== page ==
I recently had the opportunity to chat with Jeff Forrest, Designer and Founder of STACKLAB, a Toronto-based multidisciplinary art and design studio.
The studio pursues conceptual projects spanning a range of scales and disciplines by working in collaboration with regional experts in material, craft, science, and technology. Translation: Jeff is rad and his latest project will have you feeling all the feels, or rather, felts.
Sarah Wright: What's your background, and what inspired you to get into your field?
Jeff Forrest: My background is in architecture, but my field of practice is a little more nebulous and touches on multiple disciplines. Architecture trained and inspired me to think broadly and critically about the world. Starting and running my own business enabled me to maintain a broad focus and apply critical thinking in those areas that interest me the most. I go where there are opportunities to learn and solve problems.
SW: What's one of the projects you're working on right now in Canada that excites you?
JF: I'm very excited about the second generation of our Felt Collection. We're adding far more complexity to our system that will enable us to work with a wider network of regional suppliers, catalogue waste material more efficiently, optimize it for use more quickly and with greater accuracy and offer significant user customization. The form language is based on a system we're developing using parametric design tools and will allow users to configure a broad range of items. We're planning to test it first in partnership with Maison Gerard in New York and eventually open it to the public online.
Photo Courtesy of STACKLAB
SW: What trends or changes do you see coming in your industry which you like, or don't like?
JF: I’ve noticed a growing interest in locally-oriented work as well as a heightened emphasis on quality, which I think is great. With everyone having to stay home during the pandemic, there seems to be more commitment to personal placemaking - not only with respect to how it looks, but what it stands for. I see people starting to understand that the things they buy are really a reflection of who they are; their values, beliefs and even politics.
SW: How do you - or what do you do - to find your creative inspiration today?
JF: Collaboration is built into our approach at STACKLAB and creativity comes from collaboration. My ideas are best developed through conversation with my team and other industry professionals/skilled manufacturers. Ideas rarely just hit me while sitting in a park, [as] they may for some. For me, it’s about uncovering design opportunities by connecting with people across various industries.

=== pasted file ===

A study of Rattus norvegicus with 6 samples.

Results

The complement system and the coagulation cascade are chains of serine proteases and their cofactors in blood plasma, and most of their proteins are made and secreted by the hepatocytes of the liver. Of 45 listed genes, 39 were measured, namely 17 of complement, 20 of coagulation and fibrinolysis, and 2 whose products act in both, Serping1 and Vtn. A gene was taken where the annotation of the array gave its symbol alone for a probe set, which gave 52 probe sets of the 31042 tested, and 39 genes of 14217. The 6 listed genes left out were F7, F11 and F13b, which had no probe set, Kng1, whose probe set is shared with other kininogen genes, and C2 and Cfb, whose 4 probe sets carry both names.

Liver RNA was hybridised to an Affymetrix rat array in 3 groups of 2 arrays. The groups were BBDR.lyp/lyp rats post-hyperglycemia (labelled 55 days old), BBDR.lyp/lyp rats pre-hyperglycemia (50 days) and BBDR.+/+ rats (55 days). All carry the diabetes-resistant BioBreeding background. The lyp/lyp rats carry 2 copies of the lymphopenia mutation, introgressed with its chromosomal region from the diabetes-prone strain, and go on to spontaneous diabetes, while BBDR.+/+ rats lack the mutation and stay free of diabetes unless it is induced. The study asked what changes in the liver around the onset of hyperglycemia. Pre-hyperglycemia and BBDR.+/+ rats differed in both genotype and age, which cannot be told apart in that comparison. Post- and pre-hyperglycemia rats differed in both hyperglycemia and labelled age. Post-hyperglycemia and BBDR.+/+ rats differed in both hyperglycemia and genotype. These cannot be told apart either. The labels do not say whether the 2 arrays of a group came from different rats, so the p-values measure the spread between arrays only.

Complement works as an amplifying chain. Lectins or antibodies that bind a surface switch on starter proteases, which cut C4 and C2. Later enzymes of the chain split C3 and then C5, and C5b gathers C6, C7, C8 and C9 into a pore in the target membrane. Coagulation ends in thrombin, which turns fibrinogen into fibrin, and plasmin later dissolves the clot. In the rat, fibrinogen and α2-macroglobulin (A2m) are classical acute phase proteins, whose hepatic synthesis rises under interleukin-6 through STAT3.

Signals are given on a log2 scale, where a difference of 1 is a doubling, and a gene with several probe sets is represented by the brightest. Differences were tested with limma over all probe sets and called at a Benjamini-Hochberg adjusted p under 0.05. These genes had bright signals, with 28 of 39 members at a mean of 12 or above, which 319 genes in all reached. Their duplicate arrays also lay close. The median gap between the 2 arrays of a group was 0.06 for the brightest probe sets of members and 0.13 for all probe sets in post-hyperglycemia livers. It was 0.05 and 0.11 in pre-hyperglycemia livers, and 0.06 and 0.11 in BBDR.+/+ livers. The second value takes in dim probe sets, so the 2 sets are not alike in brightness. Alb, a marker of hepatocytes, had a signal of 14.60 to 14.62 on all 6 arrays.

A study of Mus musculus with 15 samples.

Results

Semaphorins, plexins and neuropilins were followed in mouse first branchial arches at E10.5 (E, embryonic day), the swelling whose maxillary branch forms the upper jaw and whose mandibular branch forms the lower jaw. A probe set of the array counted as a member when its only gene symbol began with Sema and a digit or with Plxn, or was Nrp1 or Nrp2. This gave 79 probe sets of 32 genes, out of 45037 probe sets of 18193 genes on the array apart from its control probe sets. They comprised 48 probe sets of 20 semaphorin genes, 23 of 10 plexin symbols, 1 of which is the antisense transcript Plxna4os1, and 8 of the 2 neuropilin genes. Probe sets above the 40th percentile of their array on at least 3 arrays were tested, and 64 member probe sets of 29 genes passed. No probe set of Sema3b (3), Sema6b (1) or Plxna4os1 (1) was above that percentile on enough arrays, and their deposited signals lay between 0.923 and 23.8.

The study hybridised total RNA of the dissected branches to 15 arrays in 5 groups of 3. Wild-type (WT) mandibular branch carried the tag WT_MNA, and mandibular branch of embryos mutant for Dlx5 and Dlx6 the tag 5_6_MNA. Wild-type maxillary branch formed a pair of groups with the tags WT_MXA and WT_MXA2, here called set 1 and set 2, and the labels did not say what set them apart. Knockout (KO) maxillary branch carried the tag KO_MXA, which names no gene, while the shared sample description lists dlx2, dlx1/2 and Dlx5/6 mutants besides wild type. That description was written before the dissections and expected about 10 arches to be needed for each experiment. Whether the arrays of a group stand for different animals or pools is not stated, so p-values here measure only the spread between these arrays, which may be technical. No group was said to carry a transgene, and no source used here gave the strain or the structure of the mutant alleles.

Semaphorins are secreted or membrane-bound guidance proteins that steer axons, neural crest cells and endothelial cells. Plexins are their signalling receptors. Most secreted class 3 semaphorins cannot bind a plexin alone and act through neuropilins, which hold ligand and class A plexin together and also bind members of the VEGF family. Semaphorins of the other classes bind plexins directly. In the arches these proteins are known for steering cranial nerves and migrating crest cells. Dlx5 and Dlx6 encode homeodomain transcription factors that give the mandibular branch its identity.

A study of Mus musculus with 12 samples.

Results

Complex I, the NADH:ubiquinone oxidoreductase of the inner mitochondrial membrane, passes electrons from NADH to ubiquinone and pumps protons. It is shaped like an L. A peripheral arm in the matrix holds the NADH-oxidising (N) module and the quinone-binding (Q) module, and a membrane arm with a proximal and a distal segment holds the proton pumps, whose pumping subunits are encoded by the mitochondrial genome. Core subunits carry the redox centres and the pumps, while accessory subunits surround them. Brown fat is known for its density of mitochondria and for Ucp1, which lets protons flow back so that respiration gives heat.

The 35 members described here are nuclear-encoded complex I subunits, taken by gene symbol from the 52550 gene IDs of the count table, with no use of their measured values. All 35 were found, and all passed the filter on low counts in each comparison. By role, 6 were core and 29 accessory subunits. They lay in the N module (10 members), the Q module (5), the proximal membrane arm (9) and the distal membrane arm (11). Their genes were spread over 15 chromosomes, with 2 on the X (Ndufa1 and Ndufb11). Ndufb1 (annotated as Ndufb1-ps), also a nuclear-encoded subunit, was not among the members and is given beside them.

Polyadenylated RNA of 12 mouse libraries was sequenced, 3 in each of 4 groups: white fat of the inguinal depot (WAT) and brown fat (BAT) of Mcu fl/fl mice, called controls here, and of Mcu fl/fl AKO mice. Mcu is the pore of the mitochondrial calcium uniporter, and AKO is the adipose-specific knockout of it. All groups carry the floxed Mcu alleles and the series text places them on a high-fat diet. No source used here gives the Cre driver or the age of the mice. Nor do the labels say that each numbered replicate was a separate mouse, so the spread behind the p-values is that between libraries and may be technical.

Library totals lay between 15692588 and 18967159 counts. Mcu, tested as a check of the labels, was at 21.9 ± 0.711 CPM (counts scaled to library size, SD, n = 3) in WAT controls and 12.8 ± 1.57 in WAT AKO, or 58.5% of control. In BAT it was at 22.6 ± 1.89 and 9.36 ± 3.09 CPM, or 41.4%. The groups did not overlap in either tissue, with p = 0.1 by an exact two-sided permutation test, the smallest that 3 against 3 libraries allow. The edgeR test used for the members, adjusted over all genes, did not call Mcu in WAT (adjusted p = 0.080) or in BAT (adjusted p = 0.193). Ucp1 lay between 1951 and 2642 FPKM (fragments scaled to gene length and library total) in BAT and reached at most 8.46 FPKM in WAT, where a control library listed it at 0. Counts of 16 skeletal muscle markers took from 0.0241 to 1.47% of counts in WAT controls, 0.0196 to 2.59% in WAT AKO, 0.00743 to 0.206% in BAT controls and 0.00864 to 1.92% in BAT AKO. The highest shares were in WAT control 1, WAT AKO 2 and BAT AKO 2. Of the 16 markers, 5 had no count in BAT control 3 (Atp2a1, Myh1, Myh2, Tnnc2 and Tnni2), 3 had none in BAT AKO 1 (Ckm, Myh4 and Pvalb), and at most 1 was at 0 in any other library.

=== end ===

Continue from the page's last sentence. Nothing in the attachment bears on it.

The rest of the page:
SW: What is your favourite - or most compelling - example of Canadian houseporn?
JF: Anything by Shim Sutcliffe (see an example of their work in the photo below). They are thoughtful and have a very holistic approach to their work.
Toronto's Integral House by Shim-Sutcliffe Architects. Photo Courtesy of Architonic, Photographer James Dow
SW: Has your design aesthetic or intent changed throughout the pandemic?
JF: I don't really have an aesthetic, but I do have an approach that has been impacted by the pandemic. Because we're so collaborative, much of our process has turned (even more) digital. We're using Augmented Reality (AR) tools far more than before to discuss and test ideas with our partners and engage with our patrons - we even have AR versions of our collection on our website. We're just generally thinking about our work in digital terms now. Our Felt 2.0 project is a perfect example. While it has deep, tangible roots, and while it is ultimately a manufactured good, much of the design process has been digitally focused and the entire user interface will be digital. We also exhibited entirely in virtual environments this year, through our partners at Isola Design District we participated in VR exhibitions for Milan Design Week and Dutch Design Week.
SW: Why is design a powerful tool for helping people survive/thrive in times of challenge?
JF: By definition, design is applied critical thinking, so in that regard, I think design is really the only tool, or at least the most important one because it’s how we understand and then work through problems of every kind. Design is not limited to the creation of aesthetically pleasing objects and environments (as so many think), it really is the engine of the world and of human ingenuity. On a less serious note, I think a dog and a loving partner can be very helpful to have around too.
Photo Courtesy of STACKLAB
SW: Do you have any tips for creatives on how to stay inspired at home?
JF: First off I would say staying connected with real people is key. We need to exchange ideas. Secondly, I would say use the time to really get in touch with your values. I think introspection leads to tremendous creativity. As objective as design can and should be, there is always a subjective element to it that gives it soul or spirit. I think we need to nurture that whenever we have the time.
SW: What are the essentials for a fantastic Work From Home space?
JF: A dedicated space where you can really get absorbed into the work you have to do with good lighting and a background that looks good on zoom!
Thank you, Jeff Forrest! You can learn more about his designs and recent projects by visiting STACKLAB. Or...follow him on Instagram @stacklab_design
If there is anything that talking to Jeff has taught me, it's that good design never needs to take a backseat.
Check out more from Jeff's favourite Canadian Architects from these Houseporn.ca articles below:
Toronto’s Integral House By Shim-Sutcliffe Architects
Or kick up your feet and get cozy with other chairs by Candian Designers on our site, Houseporn.ca:
The Peacock Chair By Toronto’s Uufie Studio
The Cord Chair by Jacques Guillon
The Joya Rocker by Monte - Classic Meets Contemporary!
Researched and written by Sarah Wright, freelance writer and frequent sitter.